SHRM Study Highlights FMLA's Challenges

EMBARGOED FOR RELEASE: Fri., July 27, 2007 8:30 a.m. EDT

Jul 27, 2007

(Alexandria, Va., July 27, 2007)—Nearly 40 percent of human resource (HR) professionals report that confusion over implementation of the Family and Medical Leave Act has led to illegitimate leave being granted, according to a report released today by the Society for Human Resource Management (SHRM).

SHRM surveyed 521 respondents on FMLA-related compliance issues, in the wake of regulatory and judicial actions that have clouded and confused its original intent, resulting in inconsistent and inequitable implementation.

"The FMLA is long overdue for a check-up to ensure it serves the best interests of our employees' health and well being," said Susan R. Meisinger, president and CEO of SHRM. "The SHRM study provides insight into what front-line HR professionals are encountering and highlights the need for change."

Respondents report that there have been more requests to take FMLA leave in the last five years compared with 10 years ago, particularly for episodic conditions (ongoing injuries, ongoing illnesses, and/or non-life threatening conditions).

SHRM's study follows on the heels of a U.S. Department of Labor (DOL) recent release of findings from a Request for Information to solicit comments from the public on FMLA.

"This new SHRM study reaffirms the need for clarifications and improvements to FMLA," said Mike Aitken, director of governmental affairs for SHRM.

Key findings in the SHRM study include:

  • Two of the most challenging FMLA-related activities identified by organizations are tracking/administering intermittent FMLA leave and determining the overall costs incurred while complying with the requirements of the FMLA.
  • In an open comment portion of the study, many HR professionals noted that the timing of intermittent FMLA leave requests (e.g. around weekends, holidays, pleasant weather) raised suspicions of abuse.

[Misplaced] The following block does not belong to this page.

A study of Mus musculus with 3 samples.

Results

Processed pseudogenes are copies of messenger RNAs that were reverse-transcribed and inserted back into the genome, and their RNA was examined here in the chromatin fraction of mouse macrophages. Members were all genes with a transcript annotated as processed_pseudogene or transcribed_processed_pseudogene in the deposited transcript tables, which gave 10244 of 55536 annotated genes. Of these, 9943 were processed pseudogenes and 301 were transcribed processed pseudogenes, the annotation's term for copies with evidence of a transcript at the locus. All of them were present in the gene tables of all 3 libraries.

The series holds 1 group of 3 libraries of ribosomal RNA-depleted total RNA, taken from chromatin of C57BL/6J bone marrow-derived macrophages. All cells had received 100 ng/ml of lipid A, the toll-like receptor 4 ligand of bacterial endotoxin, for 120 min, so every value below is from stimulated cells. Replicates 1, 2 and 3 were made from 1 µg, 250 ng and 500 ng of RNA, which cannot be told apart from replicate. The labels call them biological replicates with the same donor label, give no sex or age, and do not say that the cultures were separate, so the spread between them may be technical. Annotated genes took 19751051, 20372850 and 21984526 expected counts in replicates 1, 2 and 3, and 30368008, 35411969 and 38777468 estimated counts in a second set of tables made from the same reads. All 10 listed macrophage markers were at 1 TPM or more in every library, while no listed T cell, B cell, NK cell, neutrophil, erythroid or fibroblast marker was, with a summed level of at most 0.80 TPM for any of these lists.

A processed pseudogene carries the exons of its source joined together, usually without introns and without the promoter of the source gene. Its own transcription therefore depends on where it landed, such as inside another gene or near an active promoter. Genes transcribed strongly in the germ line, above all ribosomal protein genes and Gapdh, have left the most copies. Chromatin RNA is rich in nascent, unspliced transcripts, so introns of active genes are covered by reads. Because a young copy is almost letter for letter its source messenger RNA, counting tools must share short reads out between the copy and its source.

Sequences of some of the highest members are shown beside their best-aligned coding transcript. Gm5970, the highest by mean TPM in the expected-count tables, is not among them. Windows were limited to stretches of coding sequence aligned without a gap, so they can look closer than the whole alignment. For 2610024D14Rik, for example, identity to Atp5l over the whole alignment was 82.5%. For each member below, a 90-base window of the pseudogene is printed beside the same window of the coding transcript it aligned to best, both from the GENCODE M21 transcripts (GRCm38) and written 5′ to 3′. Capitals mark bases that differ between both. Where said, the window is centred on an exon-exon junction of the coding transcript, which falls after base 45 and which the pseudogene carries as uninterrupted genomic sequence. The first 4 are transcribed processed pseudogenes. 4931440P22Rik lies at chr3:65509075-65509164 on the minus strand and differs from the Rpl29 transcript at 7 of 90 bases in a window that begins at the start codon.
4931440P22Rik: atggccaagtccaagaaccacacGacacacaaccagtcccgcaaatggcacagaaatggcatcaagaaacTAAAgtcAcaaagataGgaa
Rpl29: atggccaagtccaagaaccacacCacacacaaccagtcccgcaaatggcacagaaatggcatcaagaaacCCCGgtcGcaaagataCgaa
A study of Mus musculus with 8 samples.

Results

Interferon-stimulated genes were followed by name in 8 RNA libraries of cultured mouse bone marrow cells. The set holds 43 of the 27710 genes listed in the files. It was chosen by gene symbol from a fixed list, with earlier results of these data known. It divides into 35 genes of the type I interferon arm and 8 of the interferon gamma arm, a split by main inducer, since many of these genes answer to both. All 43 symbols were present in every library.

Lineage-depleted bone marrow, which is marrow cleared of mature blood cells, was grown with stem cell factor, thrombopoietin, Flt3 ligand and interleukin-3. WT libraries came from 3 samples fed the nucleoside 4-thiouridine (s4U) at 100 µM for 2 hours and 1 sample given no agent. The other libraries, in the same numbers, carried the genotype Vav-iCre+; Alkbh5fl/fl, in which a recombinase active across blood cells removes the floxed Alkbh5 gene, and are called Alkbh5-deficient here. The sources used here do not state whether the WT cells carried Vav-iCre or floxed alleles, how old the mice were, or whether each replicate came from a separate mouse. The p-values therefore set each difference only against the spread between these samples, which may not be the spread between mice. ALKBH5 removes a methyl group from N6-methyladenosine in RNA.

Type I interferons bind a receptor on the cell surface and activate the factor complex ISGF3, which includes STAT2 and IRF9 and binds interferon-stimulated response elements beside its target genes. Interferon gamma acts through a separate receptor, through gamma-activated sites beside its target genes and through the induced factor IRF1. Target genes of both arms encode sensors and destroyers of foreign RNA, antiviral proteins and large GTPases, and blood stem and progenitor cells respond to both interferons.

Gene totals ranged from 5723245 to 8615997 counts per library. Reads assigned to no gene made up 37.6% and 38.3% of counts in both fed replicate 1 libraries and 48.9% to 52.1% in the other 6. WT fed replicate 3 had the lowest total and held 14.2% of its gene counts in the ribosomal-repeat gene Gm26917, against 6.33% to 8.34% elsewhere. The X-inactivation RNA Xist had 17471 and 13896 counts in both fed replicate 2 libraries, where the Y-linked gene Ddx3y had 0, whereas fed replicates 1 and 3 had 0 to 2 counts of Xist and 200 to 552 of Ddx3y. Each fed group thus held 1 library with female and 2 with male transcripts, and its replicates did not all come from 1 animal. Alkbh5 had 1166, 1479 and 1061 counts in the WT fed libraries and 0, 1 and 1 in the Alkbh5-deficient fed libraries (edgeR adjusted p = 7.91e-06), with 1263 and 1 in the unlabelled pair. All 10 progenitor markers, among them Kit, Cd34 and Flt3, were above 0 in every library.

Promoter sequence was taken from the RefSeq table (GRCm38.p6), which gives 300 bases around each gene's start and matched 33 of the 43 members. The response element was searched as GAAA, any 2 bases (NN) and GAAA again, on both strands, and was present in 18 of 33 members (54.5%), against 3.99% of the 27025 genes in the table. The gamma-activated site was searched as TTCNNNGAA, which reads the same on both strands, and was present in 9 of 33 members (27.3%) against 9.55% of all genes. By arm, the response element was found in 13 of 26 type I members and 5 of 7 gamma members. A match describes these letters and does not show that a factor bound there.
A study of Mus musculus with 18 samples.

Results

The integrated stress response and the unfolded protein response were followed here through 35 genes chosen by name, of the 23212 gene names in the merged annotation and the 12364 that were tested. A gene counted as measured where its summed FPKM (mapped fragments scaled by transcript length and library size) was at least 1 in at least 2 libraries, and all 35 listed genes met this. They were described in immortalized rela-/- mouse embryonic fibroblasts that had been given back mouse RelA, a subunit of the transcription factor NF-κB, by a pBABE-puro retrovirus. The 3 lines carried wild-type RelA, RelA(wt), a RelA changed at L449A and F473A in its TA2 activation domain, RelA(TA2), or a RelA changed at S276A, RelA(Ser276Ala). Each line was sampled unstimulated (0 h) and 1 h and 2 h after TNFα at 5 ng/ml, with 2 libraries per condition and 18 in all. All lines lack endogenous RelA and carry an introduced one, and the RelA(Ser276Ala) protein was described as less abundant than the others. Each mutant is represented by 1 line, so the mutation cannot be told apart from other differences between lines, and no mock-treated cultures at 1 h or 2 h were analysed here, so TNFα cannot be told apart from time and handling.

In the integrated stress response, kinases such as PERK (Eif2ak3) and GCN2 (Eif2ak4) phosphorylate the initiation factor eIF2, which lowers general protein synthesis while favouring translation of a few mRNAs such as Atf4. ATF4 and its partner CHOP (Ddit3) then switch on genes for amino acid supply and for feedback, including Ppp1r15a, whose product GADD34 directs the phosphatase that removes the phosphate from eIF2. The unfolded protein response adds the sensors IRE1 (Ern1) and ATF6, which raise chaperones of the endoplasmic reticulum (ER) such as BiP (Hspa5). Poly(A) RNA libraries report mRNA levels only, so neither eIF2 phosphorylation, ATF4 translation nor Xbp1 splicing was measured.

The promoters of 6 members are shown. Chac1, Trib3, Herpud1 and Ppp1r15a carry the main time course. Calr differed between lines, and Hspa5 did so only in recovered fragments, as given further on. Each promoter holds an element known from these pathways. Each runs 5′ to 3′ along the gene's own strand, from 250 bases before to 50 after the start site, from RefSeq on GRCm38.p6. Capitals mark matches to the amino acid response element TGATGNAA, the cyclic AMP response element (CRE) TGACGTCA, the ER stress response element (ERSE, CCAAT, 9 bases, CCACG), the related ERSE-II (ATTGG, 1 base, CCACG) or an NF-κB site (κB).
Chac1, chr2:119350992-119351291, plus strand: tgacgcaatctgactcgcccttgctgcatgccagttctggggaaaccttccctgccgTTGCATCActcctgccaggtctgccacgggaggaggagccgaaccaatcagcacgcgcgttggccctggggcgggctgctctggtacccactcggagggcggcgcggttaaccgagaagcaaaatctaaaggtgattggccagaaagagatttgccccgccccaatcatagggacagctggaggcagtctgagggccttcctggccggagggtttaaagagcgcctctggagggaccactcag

SHRM's "FMLA and Its Impact on Organizations" survey numbers show:

  • Of the leave taken by employees, 59 percent was for medical reasons, 38 percent was for family-related reasons, and 38 percent was for an employee's episodic condition.
  • The number of organizations that offer job protected leave above and beyond FMLA regulations fell from 59 percent in 2003 to 44 percent in 2007.
  • Respondents admitted that the FMLA can have a negative impact on employee absences (63 percent), employee productivity (55 percent) and business productivity (54 percent).
  • Fifty-five percent of organizations now offer sick time as part of a paid time-off plan that includes vacation and personal days, while 37 percent offer sick time as a separate benefit.
  • During an employee's FMLA leave, nearly nine out of 10 organizations attended to the employee's workload by assigning work temporarily to other employees.

SHRM's 521 survey respondents represent publicly- and privately-owned companies, nonprofits, and the government sector. The margin of error is four percent.

The Family and Medical Leave Act of 1993 was established to provide job-protected unpaid leave for certain family and medical reasons. The results from this survey will assist policy-makers as they seek to make possible changes to FMLA rules.